New 2024-2025 FAFSA soft launch effect on BYU students

A screen capture from the BYU enrollment website. Important information about the updated FAFSA application can be found here. (Enrollment Services)

Recent modifications to the Free Application for Federal Student Aid process implemented by The U.S. Department of Education have raised varied responses among BYU students.

With the start of the academic year, BYU students juggled new semester schedules while applying for scholarship applications and other financial aid, including FAFSA.

“When the new stuff came out in the system, that was kind of harder to do,” Abraham Gutierrez, a freshman studying social science, said. “The site went down and came back up a couple of times. It was a whole jumbled mess.”

Some students, however, like exercise and wellness junior Jordan Rush, encountered fewer difficulties.

“It was a little more complicated but nothing major,” Rush said. “It just wasn’t the same as last year’s but I got it figured out.”

Shawn Hancock, Associate Director of Financial Aid at BYU, provided insights into these changes, discussing their potential pros and cons.

“They’re still working through bugs in the application,” Hancock said. “Whether the changes benefit or hurt students is to be determined.”

While ultimately designed to make things easier for students in the long run, the FAFSA changes were slowly implemented.

“The Department of Education has had to push back the time frame for the application to be open. Normally it’s open in October, but due to the changes, they didn’t open the application until Dec. 31, 2023,” Hancock said.

To accommodate the delayed application process, BYU extended the deadline for need-based scholarships to March 5 from the traditional Jan. 20 cutoff. 

Aside from the technical difficulties, several improvements include a reduced total number of questions on the FAFSA from 108 to 46, introducing IRS Direct Data Exchange (DDX) and simplifying reporting parent information.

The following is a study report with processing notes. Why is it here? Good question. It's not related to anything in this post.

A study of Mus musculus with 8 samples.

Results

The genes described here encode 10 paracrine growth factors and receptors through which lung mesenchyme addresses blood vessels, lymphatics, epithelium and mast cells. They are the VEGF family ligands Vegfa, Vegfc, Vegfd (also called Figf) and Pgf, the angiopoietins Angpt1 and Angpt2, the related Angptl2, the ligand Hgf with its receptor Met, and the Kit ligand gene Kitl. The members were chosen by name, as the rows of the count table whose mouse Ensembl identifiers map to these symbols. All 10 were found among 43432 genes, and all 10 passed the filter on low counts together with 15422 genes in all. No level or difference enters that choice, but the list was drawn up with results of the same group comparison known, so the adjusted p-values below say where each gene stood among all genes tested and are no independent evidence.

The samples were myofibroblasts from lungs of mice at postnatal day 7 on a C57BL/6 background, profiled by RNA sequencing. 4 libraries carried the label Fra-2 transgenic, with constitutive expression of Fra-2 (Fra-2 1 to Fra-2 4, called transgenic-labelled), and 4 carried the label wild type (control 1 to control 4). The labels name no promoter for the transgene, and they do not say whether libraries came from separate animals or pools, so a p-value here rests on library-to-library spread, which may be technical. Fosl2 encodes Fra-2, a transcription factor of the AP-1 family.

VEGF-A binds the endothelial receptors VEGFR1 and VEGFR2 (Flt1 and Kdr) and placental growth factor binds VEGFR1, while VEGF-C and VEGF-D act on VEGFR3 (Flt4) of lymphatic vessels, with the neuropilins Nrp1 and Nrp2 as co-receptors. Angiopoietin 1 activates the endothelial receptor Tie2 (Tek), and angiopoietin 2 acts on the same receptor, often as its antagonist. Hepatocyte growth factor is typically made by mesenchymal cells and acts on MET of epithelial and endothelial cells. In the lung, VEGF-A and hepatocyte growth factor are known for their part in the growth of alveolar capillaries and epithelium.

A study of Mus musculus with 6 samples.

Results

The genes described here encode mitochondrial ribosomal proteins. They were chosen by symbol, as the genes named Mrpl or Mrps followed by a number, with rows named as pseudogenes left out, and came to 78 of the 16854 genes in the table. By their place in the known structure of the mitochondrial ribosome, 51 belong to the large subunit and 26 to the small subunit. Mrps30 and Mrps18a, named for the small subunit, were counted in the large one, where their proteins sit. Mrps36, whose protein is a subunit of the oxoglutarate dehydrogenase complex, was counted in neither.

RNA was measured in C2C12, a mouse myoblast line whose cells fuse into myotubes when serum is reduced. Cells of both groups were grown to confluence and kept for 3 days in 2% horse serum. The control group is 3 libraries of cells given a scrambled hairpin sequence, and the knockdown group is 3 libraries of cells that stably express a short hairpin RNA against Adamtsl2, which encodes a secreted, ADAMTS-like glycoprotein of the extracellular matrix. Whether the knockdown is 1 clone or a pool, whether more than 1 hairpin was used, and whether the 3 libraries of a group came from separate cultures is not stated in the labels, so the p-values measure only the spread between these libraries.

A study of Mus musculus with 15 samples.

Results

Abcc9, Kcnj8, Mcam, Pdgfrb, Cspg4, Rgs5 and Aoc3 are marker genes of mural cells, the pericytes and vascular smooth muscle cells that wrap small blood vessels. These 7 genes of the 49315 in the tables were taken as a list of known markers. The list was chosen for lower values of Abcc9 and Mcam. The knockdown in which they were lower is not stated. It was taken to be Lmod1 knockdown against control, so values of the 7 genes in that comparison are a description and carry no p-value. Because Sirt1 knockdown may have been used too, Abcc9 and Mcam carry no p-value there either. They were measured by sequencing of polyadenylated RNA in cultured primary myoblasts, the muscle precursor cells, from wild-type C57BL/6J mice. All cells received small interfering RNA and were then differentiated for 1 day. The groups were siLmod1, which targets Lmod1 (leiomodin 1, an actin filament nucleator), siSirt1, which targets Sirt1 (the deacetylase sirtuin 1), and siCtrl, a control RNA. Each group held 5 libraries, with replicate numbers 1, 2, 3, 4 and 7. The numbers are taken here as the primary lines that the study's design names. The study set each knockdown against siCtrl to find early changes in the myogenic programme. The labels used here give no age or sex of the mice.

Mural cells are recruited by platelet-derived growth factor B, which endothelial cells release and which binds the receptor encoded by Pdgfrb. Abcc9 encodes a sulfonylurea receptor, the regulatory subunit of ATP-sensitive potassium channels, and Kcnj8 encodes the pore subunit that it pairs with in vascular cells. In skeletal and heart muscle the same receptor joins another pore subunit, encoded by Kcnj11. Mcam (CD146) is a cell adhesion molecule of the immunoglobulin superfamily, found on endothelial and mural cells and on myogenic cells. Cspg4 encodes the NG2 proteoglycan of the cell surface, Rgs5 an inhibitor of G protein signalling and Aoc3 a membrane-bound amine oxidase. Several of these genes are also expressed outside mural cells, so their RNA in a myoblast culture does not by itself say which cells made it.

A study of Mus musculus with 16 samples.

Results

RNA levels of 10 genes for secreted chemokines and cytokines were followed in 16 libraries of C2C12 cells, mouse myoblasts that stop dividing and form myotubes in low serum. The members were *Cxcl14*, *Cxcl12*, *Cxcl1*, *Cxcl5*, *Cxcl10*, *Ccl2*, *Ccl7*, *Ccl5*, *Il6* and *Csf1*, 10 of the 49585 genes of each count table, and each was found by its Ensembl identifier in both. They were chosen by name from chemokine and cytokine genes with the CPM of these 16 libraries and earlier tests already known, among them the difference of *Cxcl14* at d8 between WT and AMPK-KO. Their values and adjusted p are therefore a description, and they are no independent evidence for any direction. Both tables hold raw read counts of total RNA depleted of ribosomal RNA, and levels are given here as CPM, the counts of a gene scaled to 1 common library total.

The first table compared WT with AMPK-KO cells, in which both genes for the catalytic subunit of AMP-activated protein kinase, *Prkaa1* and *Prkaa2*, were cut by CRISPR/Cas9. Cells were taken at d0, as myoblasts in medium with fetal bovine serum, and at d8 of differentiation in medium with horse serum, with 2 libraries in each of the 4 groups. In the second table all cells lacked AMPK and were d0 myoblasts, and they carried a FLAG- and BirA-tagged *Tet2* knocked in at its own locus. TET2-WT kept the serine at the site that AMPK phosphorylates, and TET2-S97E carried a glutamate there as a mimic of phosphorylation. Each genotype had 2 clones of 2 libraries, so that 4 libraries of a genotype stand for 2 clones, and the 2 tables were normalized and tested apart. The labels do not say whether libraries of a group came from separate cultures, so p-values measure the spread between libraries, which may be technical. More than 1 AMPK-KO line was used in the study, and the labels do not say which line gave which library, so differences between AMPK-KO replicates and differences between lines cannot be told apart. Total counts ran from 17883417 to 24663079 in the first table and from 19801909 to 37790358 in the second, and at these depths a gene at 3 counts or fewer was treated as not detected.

Now parents can create a Federal Student Aid ID without providing a Social Security number and can sign forms electronically. This change is potentially beneficial for parents who previously faced difficulties with signing the application, including those who are not U.S. citizens. 

However, a key concern arises from the change in the financial aid formula.

“In the new formula, the number of students from a household in college as an eligibility metric is no longer considered,” Hancock said. “This might be of detriment for BYU students from households with multiple students in college.”

A family with more students in college would have previously benefited because it would be considered more costly to the family.  

According to the National Center for Education Statistics, 32% of students at BYU earn financial aid packages averaging $5,353 per school year. With the new vetting process, more students may qualify for Pell Grant funds, however these may be for smaller amounts.

While BYU cannot directly intervene in the government-run FAFSA program, students are advised to refer to the FAFSA hotline (1-800-433-3243) for assistance. 

For the latest updates on FAFSA and scholarship opportunities, students are encouraged to visit the BYU enrollment website.